Sunday, July 4, 2010

Soccer Explained: Diving

I've decided to start a series about soccer to explain some aspects of the game that for those who don't follow soccer (although it may be enjoyed by fans of the sport just as well.) Perhaps the first entry is the most ambitious, but I believe diving remains one of the most controversial,and ostentatious, parts of the game. I must give a disclaimer, however, because I hate diving. I think it is dishonest, makes the players look like wimps, and is a general black eye to the sport. Yet, I understand why players do it.

Not every player takes dives. It seems to be more common in certain cultures than others. My most disliked international team, Italy, is a quintessential example of persistent flopping. Don't get my wrong, Italy is an amazing soccer team and one that should be feared on the pitch, but they take more dives than the kids at my local swimming pool.

To understand diving, one must understand the importance of goals in soccer. Yeah, yeah, you need goals to win. . . more than the other team. . . even John Madden gets that part of the game. But when so many games come down to a single goal difference, a single goal is HUGE. A single goal in a soccer game weighs heavier than a single touchdown, home run, 3-pointer, or try because it is so rare. It is not uncommon for only one goal to be scored in a game (90+ minutes of play.) So any chance players get to take a free kick at the goal, they will take.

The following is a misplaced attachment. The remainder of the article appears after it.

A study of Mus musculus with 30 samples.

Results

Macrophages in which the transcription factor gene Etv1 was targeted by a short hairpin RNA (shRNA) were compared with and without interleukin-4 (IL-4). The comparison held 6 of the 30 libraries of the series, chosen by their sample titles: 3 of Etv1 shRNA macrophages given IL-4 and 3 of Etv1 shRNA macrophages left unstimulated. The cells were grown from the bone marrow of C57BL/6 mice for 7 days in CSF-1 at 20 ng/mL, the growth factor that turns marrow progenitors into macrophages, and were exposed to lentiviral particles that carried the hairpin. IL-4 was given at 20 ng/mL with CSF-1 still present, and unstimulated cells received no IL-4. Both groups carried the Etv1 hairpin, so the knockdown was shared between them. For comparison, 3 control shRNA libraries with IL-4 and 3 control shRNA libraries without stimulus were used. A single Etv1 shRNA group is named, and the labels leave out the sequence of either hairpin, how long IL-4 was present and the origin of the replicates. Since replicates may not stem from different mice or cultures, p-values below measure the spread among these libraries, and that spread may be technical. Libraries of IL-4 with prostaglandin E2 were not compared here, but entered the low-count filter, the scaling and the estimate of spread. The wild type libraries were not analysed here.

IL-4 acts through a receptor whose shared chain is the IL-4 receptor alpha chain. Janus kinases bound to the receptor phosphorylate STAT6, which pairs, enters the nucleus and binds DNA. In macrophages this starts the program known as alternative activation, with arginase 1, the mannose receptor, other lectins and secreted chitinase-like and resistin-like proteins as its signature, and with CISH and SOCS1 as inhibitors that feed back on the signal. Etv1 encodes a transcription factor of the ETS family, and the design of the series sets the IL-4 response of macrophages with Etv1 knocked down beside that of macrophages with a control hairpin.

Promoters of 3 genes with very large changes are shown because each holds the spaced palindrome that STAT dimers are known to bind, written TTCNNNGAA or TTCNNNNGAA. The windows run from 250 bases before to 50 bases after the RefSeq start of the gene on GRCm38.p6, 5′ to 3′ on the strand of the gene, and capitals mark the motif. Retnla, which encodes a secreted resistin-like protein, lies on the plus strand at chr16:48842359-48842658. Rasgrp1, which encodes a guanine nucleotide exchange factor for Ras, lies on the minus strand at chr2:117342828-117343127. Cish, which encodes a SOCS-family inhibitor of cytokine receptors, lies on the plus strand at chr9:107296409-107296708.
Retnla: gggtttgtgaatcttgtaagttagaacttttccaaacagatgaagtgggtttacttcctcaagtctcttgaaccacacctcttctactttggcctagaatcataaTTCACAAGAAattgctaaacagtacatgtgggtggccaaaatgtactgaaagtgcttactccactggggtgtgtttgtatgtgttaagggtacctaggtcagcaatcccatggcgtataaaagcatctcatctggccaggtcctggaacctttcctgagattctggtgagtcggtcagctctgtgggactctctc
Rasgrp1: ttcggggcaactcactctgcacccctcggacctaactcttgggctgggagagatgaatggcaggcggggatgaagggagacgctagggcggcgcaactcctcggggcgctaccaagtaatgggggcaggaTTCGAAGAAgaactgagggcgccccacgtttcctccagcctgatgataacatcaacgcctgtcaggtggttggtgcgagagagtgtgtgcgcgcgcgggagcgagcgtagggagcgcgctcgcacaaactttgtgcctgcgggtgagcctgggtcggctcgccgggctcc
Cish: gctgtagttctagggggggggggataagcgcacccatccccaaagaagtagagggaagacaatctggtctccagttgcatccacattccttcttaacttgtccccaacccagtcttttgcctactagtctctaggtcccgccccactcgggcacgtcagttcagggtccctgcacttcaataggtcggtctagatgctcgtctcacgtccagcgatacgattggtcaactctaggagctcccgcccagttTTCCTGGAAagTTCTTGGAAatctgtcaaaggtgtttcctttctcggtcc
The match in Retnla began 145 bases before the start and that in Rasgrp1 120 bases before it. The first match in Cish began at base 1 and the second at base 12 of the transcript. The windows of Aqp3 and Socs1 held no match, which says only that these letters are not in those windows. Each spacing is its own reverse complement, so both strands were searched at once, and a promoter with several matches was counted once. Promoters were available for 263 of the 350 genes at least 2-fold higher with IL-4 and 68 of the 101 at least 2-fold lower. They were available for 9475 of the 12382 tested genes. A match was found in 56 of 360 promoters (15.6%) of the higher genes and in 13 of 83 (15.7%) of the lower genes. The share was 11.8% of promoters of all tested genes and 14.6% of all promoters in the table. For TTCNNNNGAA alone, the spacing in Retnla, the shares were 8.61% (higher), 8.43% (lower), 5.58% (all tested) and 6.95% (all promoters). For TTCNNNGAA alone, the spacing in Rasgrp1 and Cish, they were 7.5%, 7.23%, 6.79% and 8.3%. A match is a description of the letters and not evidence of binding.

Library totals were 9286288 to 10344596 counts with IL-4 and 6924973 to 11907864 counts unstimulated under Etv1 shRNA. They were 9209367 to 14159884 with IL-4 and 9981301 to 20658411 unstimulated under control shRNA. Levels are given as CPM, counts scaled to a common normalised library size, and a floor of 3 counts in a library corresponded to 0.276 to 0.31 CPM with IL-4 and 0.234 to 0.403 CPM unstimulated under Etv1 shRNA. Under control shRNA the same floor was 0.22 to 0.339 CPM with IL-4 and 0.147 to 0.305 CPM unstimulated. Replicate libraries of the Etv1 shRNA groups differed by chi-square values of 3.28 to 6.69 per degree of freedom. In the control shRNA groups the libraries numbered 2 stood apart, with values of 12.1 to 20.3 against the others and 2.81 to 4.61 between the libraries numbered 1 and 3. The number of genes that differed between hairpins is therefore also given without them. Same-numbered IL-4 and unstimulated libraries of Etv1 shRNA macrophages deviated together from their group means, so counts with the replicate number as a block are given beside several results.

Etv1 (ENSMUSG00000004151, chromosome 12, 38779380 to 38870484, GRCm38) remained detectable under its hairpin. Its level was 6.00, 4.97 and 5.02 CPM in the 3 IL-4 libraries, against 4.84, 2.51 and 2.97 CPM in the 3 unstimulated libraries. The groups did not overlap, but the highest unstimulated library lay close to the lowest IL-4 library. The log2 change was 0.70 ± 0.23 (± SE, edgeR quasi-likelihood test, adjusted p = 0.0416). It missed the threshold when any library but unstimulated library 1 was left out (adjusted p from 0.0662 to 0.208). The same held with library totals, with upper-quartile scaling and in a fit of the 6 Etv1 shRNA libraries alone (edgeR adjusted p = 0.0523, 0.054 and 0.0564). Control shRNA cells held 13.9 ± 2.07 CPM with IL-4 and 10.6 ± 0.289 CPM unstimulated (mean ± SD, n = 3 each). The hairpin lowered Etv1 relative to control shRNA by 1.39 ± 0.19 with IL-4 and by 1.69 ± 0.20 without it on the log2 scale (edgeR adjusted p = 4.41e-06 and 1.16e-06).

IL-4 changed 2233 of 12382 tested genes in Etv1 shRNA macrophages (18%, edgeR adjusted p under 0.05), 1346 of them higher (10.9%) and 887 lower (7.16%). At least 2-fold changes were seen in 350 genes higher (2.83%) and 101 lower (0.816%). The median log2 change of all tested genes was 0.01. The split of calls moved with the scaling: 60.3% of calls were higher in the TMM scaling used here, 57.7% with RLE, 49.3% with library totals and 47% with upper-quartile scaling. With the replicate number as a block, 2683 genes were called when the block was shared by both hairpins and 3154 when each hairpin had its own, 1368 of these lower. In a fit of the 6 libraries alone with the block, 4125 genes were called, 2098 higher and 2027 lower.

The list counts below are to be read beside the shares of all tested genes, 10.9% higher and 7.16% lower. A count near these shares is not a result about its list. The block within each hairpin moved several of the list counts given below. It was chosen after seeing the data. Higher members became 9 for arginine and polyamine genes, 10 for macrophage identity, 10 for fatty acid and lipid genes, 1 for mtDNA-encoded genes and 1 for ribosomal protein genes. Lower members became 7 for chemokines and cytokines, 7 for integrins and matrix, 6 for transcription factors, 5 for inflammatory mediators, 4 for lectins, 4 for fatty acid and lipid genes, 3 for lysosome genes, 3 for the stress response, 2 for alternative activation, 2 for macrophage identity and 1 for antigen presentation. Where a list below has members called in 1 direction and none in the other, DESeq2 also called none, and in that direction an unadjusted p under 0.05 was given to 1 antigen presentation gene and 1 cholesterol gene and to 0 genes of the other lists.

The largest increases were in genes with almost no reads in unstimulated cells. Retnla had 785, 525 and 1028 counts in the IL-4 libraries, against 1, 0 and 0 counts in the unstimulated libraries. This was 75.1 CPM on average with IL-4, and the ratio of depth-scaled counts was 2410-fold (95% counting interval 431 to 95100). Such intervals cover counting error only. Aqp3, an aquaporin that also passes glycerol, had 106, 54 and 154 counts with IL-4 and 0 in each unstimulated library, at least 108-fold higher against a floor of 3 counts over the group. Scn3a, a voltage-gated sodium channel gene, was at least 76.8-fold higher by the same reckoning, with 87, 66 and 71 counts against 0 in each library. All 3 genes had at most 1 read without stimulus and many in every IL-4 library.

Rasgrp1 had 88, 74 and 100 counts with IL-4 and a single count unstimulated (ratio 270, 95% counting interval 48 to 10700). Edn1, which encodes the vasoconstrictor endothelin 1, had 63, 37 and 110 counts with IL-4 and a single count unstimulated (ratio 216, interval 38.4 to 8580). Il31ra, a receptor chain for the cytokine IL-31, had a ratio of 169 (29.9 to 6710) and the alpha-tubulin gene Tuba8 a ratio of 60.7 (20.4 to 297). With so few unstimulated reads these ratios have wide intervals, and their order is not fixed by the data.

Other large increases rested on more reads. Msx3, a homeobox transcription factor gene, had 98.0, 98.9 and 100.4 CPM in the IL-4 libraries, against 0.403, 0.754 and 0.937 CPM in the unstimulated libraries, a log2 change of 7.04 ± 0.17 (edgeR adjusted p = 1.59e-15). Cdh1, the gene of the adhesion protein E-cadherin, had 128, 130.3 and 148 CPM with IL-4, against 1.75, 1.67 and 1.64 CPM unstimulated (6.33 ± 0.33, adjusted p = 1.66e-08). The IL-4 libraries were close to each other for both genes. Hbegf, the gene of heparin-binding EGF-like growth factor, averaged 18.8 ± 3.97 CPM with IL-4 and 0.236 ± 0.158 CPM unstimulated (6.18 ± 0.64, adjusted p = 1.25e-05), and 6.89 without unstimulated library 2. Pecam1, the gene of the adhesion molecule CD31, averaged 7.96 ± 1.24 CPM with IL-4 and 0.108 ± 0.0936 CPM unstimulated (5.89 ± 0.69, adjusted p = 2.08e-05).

And this is why players take dives, especially in the penalty box. Free kicks are golden opportunities put a point on the board. All that stands in the way of the spot of the foul and the goal is usually four players covering their family jewels and a keeper that can barely see around the wall. They are better than corner kicks as they allow players to take direct shots on goal or pass to another open player to take a shot. A foul in the box is almost an automatic goal through a penalty kick (although, if anyone saw the Spain-Paraguay match, PKs are less than automatic.)

What is maddening about diving is that it seems to grow more dramatic with each passing season. Players' inner-thespians come out as soon as they think they can draw a foul and often they end up looking ridiculous. One of the more refreshing moments of a Portugal match last week was seeing the midfielder Tiago get a yellow card for taking a dive in the box. Too bad they can't give those out in the NBA as well.